If you want to, you can be a business owner. Yes, you. This isn’t one of those “own your own business” scams. But I was scrolling Facebook this morning, and a comment made in a Facebook mom group won’t get out of my head. I’m paraphrasing here, but it went something like this:
“I’d like to offer my photography services. I’m not smart enough to make it a business, although I’d love to. You can pay (or not). Up to you. Let me know if anyone is interested.”
I wanted to reach through my phone and talk (maybe shake, maybe hug) to this mom. You’re not smart enough compared to what? And why are you not putting a value on your talents and hard work?
But the truth is, I could relate a bit. I’m a business owner but wasn’t always sure I could do it. At the time, I didn’t know many people who owned a business. And I’d always felt a little like “business owner” was a title meant for other people. So, mom on Facebook – yes, you can be a business owner. And anyone else out there looking for a sign or a little direction, here you go.
Are you telling yourself you don’t know where to start?
I’m a big fan of writing things down. Lists are more likely to get completed if you write them down. Goals are more likely to get accomplished if you take pen to paper. And it’s the same with a business. It doesn’t have to be overly detailed but writing out a business plan is a great first step to getting your thoughts in order.
Do you feel like you’re just too busy to become a business owner?
We all have different situations. I probably couldn’t have started my business when my kids were newborns. Working lots of hours, having littles, or taking classes can all make it challenging to get started. If that’s the case, I’d suggest putting a timeline together. Owning your own business can be something you work toward as your schedule changes. Try investing just a couple of hours a week or month. Starting your own business should be done on your timeline, not someone else’s.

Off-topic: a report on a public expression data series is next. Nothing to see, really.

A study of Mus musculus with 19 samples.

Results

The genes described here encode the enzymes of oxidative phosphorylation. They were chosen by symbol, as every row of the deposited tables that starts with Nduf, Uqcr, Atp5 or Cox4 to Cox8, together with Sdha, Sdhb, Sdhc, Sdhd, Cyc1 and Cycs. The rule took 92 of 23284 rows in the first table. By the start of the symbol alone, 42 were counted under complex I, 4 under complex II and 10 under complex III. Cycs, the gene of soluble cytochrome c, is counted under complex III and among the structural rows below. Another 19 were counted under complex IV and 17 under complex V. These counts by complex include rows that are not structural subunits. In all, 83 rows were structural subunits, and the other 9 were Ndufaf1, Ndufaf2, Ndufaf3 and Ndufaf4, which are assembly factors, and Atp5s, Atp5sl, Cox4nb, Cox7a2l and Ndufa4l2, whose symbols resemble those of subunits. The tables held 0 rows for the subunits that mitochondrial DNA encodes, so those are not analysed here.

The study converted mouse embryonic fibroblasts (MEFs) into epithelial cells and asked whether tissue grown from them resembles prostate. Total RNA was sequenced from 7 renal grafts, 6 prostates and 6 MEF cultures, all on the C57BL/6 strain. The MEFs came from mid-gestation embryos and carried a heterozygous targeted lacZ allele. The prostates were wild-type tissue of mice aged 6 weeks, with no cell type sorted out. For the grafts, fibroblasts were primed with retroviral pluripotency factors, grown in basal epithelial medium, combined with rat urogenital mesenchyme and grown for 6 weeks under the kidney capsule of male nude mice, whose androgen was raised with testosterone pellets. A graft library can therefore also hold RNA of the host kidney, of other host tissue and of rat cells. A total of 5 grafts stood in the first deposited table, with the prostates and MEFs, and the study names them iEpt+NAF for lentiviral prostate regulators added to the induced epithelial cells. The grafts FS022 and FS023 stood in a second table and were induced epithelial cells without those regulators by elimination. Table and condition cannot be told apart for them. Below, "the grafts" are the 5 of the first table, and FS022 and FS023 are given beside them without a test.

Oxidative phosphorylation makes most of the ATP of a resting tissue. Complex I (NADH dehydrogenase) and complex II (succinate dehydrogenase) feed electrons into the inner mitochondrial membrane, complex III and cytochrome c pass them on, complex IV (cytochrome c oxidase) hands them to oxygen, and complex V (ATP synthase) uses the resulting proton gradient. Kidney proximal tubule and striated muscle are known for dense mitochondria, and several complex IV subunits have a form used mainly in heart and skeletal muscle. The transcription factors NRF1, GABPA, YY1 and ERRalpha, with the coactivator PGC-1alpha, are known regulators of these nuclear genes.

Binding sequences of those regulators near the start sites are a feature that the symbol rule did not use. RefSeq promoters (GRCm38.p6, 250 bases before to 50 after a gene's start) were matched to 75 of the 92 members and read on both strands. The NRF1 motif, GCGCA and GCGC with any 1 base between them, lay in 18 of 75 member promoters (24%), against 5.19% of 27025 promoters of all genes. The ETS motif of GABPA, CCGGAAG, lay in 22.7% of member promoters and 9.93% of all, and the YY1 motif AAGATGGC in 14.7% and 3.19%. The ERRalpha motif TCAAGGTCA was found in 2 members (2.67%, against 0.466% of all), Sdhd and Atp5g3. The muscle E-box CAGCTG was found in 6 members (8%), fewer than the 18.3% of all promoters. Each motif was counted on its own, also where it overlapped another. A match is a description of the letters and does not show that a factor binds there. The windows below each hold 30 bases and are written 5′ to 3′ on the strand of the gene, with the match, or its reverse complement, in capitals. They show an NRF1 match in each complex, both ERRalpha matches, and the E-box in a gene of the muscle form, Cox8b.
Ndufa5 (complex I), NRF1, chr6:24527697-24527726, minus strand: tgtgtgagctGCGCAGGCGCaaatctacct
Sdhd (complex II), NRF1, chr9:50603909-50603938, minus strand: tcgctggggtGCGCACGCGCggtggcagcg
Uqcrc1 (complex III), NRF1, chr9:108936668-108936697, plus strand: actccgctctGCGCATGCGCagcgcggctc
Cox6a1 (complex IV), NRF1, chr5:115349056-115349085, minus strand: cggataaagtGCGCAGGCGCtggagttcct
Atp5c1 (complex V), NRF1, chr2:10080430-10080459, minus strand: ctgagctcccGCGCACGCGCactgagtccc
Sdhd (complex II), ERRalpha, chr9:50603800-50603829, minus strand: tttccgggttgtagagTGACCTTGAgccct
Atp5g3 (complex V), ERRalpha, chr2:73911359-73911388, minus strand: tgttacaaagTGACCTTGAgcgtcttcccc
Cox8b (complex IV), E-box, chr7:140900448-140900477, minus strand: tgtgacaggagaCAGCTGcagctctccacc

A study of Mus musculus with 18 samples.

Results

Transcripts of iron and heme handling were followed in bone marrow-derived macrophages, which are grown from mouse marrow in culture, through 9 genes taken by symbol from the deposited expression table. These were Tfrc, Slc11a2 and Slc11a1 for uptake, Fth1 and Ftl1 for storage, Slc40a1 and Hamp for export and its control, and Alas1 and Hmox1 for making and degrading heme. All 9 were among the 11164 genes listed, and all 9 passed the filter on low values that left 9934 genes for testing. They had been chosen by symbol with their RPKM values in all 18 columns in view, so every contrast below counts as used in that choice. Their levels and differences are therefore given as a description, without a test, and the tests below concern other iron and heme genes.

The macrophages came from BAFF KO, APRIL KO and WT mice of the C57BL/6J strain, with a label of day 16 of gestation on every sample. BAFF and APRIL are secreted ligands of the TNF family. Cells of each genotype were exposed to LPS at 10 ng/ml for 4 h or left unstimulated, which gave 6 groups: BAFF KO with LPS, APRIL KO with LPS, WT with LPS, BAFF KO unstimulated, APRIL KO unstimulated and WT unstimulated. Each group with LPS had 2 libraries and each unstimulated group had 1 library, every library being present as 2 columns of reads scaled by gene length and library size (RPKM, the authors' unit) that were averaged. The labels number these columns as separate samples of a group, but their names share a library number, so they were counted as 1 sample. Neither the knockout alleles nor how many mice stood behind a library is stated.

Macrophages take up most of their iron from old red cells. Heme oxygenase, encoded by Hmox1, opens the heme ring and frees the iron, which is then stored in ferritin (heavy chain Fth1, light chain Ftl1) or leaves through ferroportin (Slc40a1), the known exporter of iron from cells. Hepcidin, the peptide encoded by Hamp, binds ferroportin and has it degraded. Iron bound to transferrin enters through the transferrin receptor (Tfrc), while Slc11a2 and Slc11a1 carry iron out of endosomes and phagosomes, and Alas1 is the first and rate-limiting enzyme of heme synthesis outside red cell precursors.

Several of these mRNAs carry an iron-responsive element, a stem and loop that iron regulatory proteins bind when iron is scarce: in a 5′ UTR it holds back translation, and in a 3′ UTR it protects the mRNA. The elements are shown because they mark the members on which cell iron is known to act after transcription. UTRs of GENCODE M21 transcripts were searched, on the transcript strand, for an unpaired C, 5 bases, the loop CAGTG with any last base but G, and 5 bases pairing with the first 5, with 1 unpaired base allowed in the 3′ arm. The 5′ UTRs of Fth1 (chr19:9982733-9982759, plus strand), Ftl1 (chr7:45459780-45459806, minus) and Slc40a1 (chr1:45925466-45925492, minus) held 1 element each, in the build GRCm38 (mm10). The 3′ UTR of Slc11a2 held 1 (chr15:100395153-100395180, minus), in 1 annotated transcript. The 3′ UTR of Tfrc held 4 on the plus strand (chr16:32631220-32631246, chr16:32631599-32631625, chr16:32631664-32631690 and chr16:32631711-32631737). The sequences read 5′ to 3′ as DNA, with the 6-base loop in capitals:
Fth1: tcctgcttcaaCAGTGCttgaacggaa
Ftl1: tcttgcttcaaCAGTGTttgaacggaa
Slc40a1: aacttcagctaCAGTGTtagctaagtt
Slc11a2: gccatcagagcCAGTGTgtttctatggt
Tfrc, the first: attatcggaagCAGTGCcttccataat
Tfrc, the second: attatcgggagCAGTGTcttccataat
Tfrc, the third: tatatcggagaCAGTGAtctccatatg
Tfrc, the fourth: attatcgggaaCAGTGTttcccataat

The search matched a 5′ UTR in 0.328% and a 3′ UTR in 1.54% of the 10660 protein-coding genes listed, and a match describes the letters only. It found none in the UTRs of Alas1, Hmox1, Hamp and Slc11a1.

Are you worried about how to do things legally?
The part I was most unsure about was the legal aspect. But, after a little bit of research, I was able to get my Tax ID set up myself in less than an hour. You can read about the different types of entities and submit your application here.
Make sure you have a system for recording sales and expenses. When tax season comes around, it’ll be a necessity.
Are you worried no one will buy from you? Or that you will fail?
The easy answer here is that you don’t know until you try. Here are my biggest tips for making sure that doesn’t happen:
- Look at your competition and what they charge. Figure out how you can set yourself apart.
- Look to experts. If you need a website and don’t want to take that on yourself, find someone to do it for you. If the legal questions are just too much, hire someone to help. When I started, I took on almost everything myself but quickly learned that outsourcing some things can make financial sense in the long run.
- Find a mentor. For that photographer mom, perhaps she could shadow a professional who’s been in the business for a while. Find someone who has been successful and reach out – you might be surprised at the willingness of others to help.
- When I started, I didn’t have a single client or have any solid ideas about where to find one. But I went to events, talked with previous co-workers, and let friends know about my business. Before I knew it, I was setting up meetings and pitching proposals.
- Invest upfront. Disclaimer: My business is marketing, so I could be biased here. But – I’ve seen repeatedly where someone has a great idea, but their presentation looks sloppy. For example, if you’re selling products online, your website has to be easy to use. Your branding (name, logo, colors, tone of voice, etc.) needs to speak to your target audience. And you don’t need to be on every social media platform at all once. It’s better to do a few things really well than to spread yourself too thin in too many places. My exception to this rule is email addresses. Collect them. Social media platforms change/evolve, and you don’t own that content.
- Don’t undervalue your time and efforts. Take the time to calculate your costs. Raising rates significantly because you didn’t charge enough from the get-go can be extremely challenging. And just because someone tells you that you’re too expensive doesn’t mean that it’s true. You don’t have to fit everyone’s budget or expectations.
Becoming a business owner has been so rewarding. If it’s something you’ve thought about, today can be your day. I’m always available to chat with a new entrepreneur and answer questions too!